Thursday, September 3, 2009

Jardin Botanique Alpin "Flore-Alpe", Champex, Switzerland

Since I was already on the topic of rock gardens in the last post, I thought I would continue the theme with the greatest rock garden I have ever visited: Le Jardin Botanique Alpin, in Champex, Switzerland.

“Huh?”, you may ask. I would guess that not a lot of people have heard of this garden, which is a real pity. We accidentally stumbled upon it on a hiking trip to Switzerland a few years ago and I was completely blown away. So much so that on our trip to the Alps this year, we absolutely had to hike for a full day there and a full day back to see it again.
A quick disclaimer before I begin: I don’t really like rock gardens. In most cases, rock gardens are created to grow alpine plants in places where alpine plants really don’t want to grow. More often than not, the result is a few microscopic plants, evenly spaced and completely lost in a sea of rock and gravel. Even worse, these “alpine” gardens are frequently found in flat suburban gardens or parks, hundreds of miles away from any hills or mountains. It’s not surprising then that results are usually artificial and tacky, and no matter how well done, they just don’t feel right. While the plants may be interesting and beautiful, visually one can’t get around the fact that the rock garden just doesn’t belong.
Le Jardin Alpine doesn’t have any of these problems. Located in the heart of the Swiss Alps, it benefits from a naturally rocky, sloped site with a spectacular backdrop of snow-capped mountains and pine forests on one side, and Champex lake on the other side. There is even a natural spring at the top of the site, which is channeled through meandering streams and waterfalls to several small ponds below. Unfair advantage, I know. But in truth, this is the only place where a rock garden actually belongs.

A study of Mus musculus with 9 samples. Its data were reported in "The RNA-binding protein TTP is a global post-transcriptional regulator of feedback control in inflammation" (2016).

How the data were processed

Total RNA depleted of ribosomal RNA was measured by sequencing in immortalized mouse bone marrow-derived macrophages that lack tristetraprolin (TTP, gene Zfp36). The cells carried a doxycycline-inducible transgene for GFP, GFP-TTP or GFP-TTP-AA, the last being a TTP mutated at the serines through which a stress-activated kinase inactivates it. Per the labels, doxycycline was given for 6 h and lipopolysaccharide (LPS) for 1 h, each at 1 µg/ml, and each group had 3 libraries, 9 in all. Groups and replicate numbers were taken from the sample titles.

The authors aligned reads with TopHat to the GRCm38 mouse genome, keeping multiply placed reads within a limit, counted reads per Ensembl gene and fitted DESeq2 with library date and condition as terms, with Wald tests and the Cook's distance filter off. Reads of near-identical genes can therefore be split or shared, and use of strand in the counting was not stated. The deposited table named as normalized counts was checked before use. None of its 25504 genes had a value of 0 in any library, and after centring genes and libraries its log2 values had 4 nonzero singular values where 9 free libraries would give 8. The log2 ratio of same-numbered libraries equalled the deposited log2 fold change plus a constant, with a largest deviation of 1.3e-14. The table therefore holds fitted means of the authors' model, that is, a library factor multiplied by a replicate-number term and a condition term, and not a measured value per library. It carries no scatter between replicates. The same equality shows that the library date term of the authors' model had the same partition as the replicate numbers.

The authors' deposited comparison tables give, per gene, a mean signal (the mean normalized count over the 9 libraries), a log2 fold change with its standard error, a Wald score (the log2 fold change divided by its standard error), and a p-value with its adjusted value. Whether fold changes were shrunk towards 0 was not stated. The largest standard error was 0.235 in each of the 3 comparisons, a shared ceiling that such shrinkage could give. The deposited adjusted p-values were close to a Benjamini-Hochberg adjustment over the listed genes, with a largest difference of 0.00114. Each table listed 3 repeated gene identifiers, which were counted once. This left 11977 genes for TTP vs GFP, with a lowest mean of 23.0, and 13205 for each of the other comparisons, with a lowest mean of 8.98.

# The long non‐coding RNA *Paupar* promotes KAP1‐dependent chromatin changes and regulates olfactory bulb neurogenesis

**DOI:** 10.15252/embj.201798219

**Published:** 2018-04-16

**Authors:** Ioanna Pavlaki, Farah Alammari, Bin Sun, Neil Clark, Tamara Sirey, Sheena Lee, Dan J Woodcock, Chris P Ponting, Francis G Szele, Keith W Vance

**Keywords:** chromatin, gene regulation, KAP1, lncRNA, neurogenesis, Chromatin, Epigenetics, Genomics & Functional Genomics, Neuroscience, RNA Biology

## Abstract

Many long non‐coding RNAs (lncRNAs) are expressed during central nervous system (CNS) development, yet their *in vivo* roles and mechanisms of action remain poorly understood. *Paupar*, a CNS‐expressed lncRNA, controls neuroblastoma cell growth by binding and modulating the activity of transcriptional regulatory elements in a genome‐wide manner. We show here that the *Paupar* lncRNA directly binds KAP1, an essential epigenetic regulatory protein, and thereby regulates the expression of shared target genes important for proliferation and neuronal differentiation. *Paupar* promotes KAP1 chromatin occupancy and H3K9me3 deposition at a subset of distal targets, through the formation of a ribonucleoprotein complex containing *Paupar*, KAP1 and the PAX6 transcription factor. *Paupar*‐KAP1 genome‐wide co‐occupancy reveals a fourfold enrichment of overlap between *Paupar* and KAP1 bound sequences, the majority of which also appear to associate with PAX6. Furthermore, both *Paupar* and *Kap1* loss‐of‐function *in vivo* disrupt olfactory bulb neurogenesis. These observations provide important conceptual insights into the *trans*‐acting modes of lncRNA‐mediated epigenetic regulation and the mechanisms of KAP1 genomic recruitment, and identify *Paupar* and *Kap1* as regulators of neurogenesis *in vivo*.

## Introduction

The garden grows an incredible 3000 species of plants. To put that into perspective, the Royal Botanical Garden in Hamilton, Ontario grows 1100 species of plants on an area about 50 times bigger (counting landscaped area only). However, in my opinion, the best part of the garden is how the planting is done. Plants at Le Jardin Alpin are not what one has come to expect from the standard, controlled rock garden. Instead, they come in billowing masses, spilling over each other in the beds, between cracks in the paths and on the side of streams. If you’re a plant enthusiast, you can probably spend a few hours just examining the incredibly diverse flora in a small corner of the garden.
It’s so refreshing to see that rock garden plants can grow together, and don’t have some sort of aversion to neighbors which requires them to be kept a foot apart. I think it also better reflects the true nature of rock garden plants – in their natural environment, they are not as delicate as we think. In most cases, many plants will be found elbowing each other for room in a small crack with favorable growing conditions.
Although the garden is quite small, it has a great feeling of discovery, even after walking around it several times. All the paths are relatively narrow, with many changes in level, which means you can’t rush through the garden (though I can't imagine anyone wanting to!). They are laid out informally, and meander between the lush plantings, along streams and over miniature stone bridges.
One more neat thing about Le Jardin Alpin is that you can stay overnight in the small chalet in the garden, which we did this year. It’s not very fancy and could use some upkeep, but it’s well worth it for a chance to enjoy the garden all by yourself. Watching a sunset over glowing grasses with Champex lake as the backdrop was definitely something I won’t soon forget.


  1. Nice post. I agree, this place is amazing.

  2. Thank you for the beautiful pictures of Champex. My (Canadian) sister has been working in the gardens there for several years, now I can better imagine the context.

  3. I think we met your sister when we were there, although only briefly because she had to give a tour. That must be a dream job - I hope she's enjoying it! It was neat to meet a Canadian in such an unlikely spot and I wish we'd had more time to chat with her about the garden.